US Fed cuts rate to 0-0.25% in coronavirus fight
16 March 2020
The Federal Open Market Committee (FOMC) of the US Federal Reserve has decided to lower the target range for the federal funds rate to 0 to 0.25 per cent, in the face of the COVID-19 (coronavirus) outbreak that has harmed communities and disrupted economic activity in many countries, including the United States.
The FOMC expects to maintain this target range until the economy has weathered recent crisis and is on track to achieve its maximum employment and price stability goals. This action, according to Fed, will help support economic activity, strong labor market conditions, and inflation returning to the FOMC’s symmetric 2 per cent objective.
The Fed also decided to increase its holdings of Treasury securities by at least $500 billion and its holdings of agency mortgage-backed securities by at least $200 billion in the coming months. The FOMC will also reinvest all principal payments from the Federal Reserve's holdings of agency debt and agency mortgage-backed securities in agency mortgage-backed securities.
In addition, the Fed committee has recently expanded its overnight and term repurchase agreement operations. The FOMC will continue to closely monitor market conditions and is prepared to adjust its plans as appropriate.
The Fed panel said it would continue to monitor the implications of incoming information for the economic outlook, including information related to public health, as well as global developments and muted inflation pressures, and will use its tools and act as appropriate to support the economy.
In a related move, the Federal Reserve also announced measures related to the discount window, intraday credit, bank capital and liquidity buffers, reserve requirements, and—in coordination with other central banks—the U.S. dollar liquidity swap line arrangements.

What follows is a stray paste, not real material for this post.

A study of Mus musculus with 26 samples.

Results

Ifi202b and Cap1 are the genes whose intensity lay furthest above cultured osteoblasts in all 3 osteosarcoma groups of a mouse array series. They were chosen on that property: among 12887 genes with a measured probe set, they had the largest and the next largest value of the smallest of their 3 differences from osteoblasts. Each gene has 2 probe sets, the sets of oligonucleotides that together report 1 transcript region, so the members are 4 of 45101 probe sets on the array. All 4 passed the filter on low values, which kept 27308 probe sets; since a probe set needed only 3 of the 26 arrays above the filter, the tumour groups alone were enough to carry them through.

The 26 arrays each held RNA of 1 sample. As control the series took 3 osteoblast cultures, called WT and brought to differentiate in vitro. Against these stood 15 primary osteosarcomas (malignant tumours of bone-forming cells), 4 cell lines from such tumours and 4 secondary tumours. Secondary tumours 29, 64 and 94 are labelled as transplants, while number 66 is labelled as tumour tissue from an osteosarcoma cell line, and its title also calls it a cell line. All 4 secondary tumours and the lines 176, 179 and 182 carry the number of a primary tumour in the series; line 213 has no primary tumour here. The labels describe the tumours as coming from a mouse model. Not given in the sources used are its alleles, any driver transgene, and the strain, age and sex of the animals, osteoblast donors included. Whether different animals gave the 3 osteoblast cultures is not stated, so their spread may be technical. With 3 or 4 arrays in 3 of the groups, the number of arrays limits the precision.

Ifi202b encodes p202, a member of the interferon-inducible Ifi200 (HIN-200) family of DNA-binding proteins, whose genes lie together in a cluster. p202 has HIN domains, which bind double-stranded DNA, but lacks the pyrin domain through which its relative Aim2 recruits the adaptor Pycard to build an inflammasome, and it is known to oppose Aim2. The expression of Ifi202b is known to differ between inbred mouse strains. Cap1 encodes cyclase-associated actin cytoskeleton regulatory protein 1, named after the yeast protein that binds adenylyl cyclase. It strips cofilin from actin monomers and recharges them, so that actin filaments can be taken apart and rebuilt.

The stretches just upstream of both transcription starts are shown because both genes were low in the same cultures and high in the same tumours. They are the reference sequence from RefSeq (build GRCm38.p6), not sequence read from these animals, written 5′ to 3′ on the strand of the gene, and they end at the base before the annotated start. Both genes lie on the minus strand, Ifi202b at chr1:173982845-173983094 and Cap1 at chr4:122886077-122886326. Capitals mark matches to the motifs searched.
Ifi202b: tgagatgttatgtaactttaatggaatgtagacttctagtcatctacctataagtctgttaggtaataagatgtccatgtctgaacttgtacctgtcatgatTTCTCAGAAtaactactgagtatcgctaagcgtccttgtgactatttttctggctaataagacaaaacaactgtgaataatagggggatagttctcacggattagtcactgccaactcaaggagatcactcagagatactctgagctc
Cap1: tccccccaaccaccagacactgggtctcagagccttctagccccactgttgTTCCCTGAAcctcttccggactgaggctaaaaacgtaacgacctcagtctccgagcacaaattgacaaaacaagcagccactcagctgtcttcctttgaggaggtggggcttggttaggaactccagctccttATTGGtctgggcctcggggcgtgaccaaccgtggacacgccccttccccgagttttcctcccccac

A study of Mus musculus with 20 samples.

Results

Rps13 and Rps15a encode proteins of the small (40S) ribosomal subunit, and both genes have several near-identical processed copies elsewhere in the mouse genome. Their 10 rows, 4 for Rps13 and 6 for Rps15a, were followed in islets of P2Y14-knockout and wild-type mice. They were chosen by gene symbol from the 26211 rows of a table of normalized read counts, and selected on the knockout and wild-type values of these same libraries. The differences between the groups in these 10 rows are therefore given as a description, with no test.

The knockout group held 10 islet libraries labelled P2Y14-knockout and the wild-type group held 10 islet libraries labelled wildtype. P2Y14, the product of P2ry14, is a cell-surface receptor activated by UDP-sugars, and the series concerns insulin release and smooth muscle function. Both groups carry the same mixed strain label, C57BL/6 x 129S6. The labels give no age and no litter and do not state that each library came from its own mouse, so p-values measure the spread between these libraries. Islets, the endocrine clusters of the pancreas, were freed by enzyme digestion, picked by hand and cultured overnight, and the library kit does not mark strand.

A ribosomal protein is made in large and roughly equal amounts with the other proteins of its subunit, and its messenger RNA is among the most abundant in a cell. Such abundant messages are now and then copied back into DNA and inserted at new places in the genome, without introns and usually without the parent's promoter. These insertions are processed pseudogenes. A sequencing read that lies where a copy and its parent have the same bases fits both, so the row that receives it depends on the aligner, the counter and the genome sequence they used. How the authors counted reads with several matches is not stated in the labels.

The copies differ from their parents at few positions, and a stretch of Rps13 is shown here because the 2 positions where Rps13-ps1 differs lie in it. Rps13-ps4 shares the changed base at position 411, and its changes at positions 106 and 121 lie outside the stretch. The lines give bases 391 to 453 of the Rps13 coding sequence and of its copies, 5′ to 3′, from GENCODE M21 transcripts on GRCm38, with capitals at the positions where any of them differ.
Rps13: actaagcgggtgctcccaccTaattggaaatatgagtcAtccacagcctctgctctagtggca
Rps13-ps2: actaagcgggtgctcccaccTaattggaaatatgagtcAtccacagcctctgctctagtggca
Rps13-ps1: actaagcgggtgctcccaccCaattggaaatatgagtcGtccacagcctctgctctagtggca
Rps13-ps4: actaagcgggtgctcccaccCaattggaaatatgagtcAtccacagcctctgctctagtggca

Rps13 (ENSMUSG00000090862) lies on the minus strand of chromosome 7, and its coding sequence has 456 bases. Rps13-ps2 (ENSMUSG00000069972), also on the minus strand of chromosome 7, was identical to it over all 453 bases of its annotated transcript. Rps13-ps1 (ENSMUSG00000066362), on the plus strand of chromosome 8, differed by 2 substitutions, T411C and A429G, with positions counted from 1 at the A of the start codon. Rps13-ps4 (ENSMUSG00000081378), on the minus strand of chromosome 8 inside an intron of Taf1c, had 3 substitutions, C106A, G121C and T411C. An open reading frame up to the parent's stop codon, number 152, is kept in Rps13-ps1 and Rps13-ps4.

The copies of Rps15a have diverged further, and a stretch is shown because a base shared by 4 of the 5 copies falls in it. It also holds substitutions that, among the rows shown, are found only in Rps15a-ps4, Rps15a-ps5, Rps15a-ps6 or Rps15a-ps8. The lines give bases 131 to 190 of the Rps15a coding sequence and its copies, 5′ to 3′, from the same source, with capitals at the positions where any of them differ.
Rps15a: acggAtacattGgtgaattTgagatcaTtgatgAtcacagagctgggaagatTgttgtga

Any future changes in the timing and size of monetary policy, will depend on the realised and expected economic conditions relative to its maximum employment objective and its symmetric 2 per cent inflation objective, Fed stated in a release.
The Fed move, in coordination with its global counterparts, including European Central Bank (ECB) and the Bank of Japan (BoJ), will offer cheap dollars aimed at combating the coronavirus pandemic that has roiled markets and paralysed large parts of the world economy.
Bank of England and Australia’s central bank also joined in by pumping extra liquidity into strained financial systems and said they would announce more policy steps later.
The People’s Bank of China (PBoC), which has rolled out powerful stimulus measures since the outbreak began in the country’s Hubei province late last year, kept its rates steady.
Five other central banks, including Reserve Bank of India, opened swap lines to make it easier to provide dollars to their financial institutions, to calm markets.